I mean, really.
Democrats knew full well that the documents that Booker and Hirono released this morning were no longer confidential, according to D+R lawmakers and aides.
I asked @CoryBooker if his remarks in committee were a stunt. He told me I violating the constitution by being in his way.
— Byron Tau (@ByronTau) September 6, 2018
Kamala Harris will get a second crack at Kavanaugh tonight. As I write this at 6 p.m. ET, it’s at least possible that she’ll redeem this process somewhat by catching him in a meaningful gotcha.
But I wouldn’t bet on it:
Just asked Kamala Harris about Kasowitz denial that no one at firm talked to Kavanaugh about Mueller probe.
“They’re not under oath,” she told me.
So she doesn’t believe them?
“The question was asked under oath” and he didn’t answer, she says as elevator doors close
— Manu Raju (@mkraju) September 6, 2018
Booker has been by far the biggest clown in this multi-day circus but he’s a symptom, not the disease. The disease is that the confirmation hearing has simply outlived its usefulness in the era of the Ginsburg Rule, with nominees vetted by the White House to a molecular level to avoid any scandalous surprises like the one that nearly derailed Clarence Thomas’s confirmation. Between the nominee’s scrupulous evasiveness on the constitutional questions everyone wants answered and the minority’s desperate efforts to get any little clod of mud on his record to stick, we’re treated to a three-day show about nothing — every time.
All the more so because, in a hyperpolarized era, the final vote is never in doubt. If Trump, Don McGahn, and Leonard Leo had any reason to believe that Susan Collins and Lisa Murkowski might not vote to confirm Kavanaugh, Kavanaugh wouldn’t have been the nominee. Simple as that.
What you’re seeing with Booker’s insane grandstanding and Harris’s campaign-ad cross-examination is nothing more or less than two presidential aspirants seeking to fill empty time in a productive way. There’s nothing else for them to do. We’re going to wind up with something like 26 hours of questions and, in all likelihood, not one truly significant or memorable answer. Why do we continue to do it, year after year, knowing that the proceedings are sure to be a garbage festival of out-party senators one-upping each other on who can pander to their base with the most ostentatious show of defiance? And it’ll only get worse in years to come. If you thought this one was bad, with Democrats interrupting Chuck Grassley after every sentence and Booker vowing to risk expulsion from the Senate by heroically producing documents that didn’t damage Kavanaugh one bit, just wait until the hearing for Ruth Bader Ginsburg’s Republican successor.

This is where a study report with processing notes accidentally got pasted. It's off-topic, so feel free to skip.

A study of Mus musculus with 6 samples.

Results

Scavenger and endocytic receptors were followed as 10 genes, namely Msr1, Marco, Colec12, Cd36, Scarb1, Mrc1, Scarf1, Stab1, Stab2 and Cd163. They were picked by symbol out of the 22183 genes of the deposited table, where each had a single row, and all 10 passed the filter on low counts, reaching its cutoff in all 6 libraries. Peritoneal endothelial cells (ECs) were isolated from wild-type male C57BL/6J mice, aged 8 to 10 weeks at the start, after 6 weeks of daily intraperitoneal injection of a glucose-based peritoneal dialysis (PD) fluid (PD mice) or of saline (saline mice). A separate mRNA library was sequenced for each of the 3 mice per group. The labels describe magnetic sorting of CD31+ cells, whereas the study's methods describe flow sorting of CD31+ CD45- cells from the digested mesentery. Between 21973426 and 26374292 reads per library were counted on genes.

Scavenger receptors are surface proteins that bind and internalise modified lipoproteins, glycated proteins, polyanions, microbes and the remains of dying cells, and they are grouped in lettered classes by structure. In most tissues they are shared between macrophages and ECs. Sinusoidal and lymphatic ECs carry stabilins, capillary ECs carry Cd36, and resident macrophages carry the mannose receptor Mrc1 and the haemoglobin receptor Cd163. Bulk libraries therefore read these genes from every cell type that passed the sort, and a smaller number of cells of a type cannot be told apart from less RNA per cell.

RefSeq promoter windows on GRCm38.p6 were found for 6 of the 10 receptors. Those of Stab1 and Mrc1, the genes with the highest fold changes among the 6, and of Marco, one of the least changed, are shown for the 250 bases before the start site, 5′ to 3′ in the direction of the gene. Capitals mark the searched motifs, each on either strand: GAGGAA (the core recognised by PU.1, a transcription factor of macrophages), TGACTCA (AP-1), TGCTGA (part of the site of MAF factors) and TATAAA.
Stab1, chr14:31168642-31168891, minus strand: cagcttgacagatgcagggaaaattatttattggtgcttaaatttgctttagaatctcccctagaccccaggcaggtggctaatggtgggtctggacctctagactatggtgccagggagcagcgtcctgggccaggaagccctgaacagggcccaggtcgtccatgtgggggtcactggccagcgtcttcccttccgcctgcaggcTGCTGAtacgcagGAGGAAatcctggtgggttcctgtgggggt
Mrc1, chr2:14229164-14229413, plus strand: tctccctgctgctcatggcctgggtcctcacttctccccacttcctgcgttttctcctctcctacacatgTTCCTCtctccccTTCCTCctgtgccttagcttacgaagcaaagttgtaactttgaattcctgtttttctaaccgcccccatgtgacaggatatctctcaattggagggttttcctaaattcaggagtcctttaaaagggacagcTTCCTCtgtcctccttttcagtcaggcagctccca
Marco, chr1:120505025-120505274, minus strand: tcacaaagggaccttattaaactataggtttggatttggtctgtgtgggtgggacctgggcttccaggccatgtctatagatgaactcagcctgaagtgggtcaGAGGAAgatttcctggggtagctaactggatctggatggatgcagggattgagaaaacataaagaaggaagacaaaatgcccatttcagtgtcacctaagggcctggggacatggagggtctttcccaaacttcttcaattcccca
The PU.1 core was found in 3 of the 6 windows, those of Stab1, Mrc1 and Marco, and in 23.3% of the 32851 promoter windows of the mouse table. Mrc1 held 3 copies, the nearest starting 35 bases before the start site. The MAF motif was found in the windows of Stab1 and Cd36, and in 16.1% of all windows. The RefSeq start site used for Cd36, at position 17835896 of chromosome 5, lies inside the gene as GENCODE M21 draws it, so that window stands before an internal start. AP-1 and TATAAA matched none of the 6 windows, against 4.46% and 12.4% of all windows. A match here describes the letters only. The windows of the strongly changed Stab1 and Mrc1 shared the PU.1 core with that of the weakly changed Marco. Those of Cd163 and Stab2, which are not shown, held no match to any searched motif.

Booker’s going to fake-cry on camera for that. Not dignified crying, either. Ugly crying.
We’re in the same position with Supreme Court hearings as we are with the State of the Union. It’s a pointless, outdated tradition. No one enjoys it. It makes the country dumber. In the case of SCOTUS confirmations, the only people benefited by it are senators who view their seats as mere stepping stones to the job they really want. We can do better than this. (Maybe?) Henceforth, whether the nominee is a Democrat or Republican, how about this: No vote on the nomination for at least six weeks after it’s announced, to give the minority party time to find dirt on him/her. Senators on the Judiciary Committee get private one-on-one meetings with the nominee and the right to have a certain number of written questions answered. If the Committee decides that a hearing simply must be held, then it’s kept very short — four hours, tops — and there are no cameras no cameras no cameras allowed. Do things that way and maybe we’ll see a few votes in the Senate at the margins keyed mainly to whether the nominee is qualified for the job rather than to an ideological litmus test, which is how it should be. At the very least, we’d be spared the spectacle of Cory Booker ugly-crying for Democratic primary votes. How about it?